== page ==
In Wake Of Comcast/TWC Merger, What Does John Malone Do Now?

When Comcast and Time Warner Cable  recently announced their big merger, one of the first questions on my mind (and I’m sure on yours, as well) was “How does this impact John Malone, and what does he do now?”

Malone, after all, was the main catalyst for this merger. Remember, Charter Communications was the first to try and buy TWC (Malone’s Liberty Media acquired a 27% interest in Charter in May 2013), which no doubt ultimately spurred Comcast to make its move.

It seems to me that any answer to this question must be informed by Malone’s past history, plus the current strategies employed by (his) Liberty Global rollup of international MVPDs. Plus, since I’m feeling conspiratorial today, my look at Malone’s past and present leads me to think that maybe he really didn’t want Charter to merge with Time Warner Cable to begin with.

For one, the Charter/TWC merger would have been out of character for a John Malone deal. When Liberty Media bought its 27% stake in Charter last May, Malone said in a statement that "Charter is a very sheltered asset. There's not a lot of Verizon, Google, or other competing [operators] in their areas."



On the other hand, Time Warner Cable seems to be a very “non-sheltered” asset, heavily deployed in large DMAs (especially the New York City and Los Angeles metros) and has been getting hit hard by subscriber defections, many of whom are likely going to AT&T and Verizon.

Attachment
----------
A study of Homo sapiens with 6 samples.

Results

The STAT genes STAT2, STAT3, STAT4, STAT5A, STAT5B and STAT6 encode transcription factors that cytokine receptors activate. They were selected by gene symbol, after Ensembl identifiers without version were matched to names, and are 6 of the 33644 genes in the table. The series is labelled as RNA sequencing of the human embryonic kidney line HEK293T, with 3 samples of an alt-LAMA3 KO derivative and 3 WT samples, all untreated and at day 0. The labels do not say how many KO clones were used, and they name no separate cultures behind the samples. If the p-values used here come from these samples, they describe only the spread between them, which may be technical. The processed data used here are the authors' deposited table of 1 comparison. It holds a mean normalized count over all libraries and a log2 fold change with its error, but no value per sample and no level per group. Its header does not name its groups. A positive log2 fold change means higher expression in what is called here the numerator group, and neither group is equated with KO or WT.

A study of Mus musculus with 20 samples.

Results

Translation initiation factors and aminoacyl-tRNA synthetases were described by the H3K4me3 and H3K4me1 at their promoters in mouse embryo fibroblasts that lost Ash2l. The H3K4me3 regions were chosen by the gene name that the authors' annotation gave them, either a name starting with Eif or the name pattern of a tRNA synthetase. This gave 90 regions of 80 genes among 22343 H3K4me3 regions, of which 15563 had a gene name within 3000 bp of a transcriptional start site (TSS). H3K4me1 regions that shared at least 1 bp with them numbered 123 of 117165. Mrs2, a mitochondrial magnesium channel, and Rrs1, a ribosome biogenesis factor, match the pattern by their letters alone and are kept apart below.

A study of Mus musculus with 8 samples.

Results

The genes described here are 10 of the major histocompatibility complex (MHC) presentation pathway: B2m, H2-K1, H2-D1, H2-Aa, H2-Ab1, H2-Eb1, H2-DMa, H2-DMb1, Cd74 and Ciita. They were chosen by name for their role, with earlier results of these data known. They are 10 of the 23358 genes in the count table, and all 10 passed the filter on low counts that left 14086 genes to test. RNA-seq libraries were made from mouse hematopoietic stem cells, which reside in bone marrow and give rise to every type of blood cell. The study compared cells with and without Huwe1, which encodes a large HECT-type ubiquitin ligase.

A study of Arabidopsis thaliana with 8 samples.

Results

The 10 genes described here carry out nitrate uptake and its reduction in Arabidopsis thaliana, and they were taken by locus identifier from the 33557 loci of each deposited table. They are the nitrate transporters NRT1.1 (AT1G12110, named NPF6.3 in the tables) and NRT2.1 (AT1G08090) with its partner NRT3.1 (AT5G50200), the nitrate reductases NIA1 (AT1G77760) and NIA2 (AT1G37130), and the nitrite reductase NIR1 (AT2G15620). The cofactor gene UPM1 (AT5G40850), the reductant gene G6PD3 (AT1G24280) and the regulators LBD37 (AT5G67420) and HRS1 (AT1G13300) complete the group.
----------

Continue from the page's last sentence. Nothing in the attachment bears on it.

Ironically (or not), according to Bloomberg, Charter is the one that brought Comcast into the deal. It had been negotiating terms of a post-Charter/TWC merger asset sale when talks broke down. Bloomberg says Comcast’s CFO “stormed out,” threatening to buy TWC without Charter, which is what it did (pending the details of federal approval).

Continuing my conspiratorial bent, a Comcast/TWC merger could work out well for Charter and Liberty Media. First, Comcast and TWC are going to be tied up for a long while in intense regulatory scrutiny from the Department of Justice, the Federal Communications Commission, and Congress (among others). As well, Comcast is likely to emerge with a variety of agreed-to operational restrictions, just as it did with the Comcast/NBC Universal merger. Finally, Charter is likely to be the go-to candidate for buying up the systems with three million subscribers that Comcast says it intends to shed once the deal is completed.

Returning to my earlier question: What does John Malone do now?

I think he reproduces in the U.S. the same strategy that he’s been doing in the rest of the world with Liberty Global: namely, create a rollup of small to mid-size US MVPDs (those that are undervalued or have high debt loads being of particular interest, provided their underlying fundamentals are good). Then, Charter can use these MVPDs to deploy a U.S.  version of the highly innovative Horizon IP/cable hybrid platform that Liberty Global has developed and is aggressively rolling out elsewhere in the world.

Given the brouhaha that the Comcast/TWC merger has already created, Charter M&A deals with small to mid-sized US MVPDs will more easily pass under the radar. As will the complex financial deal structures that will probably accompany them (a Malone trademark – deals so complicated only he and a few mountaintop mystics in Nepal understand them).

So, even though John Malone is the largest private landholder in the U.S. (really), he won’t be riding off into the sunset, at least figuratively, anytime soon. And I’m glad. He is a good candidate to shake up the U.S. MVPD business through technological innovation, while also speeding the availability of a modern TV platform to the small/mid-sized communities that the “big guys” are likely to overlook.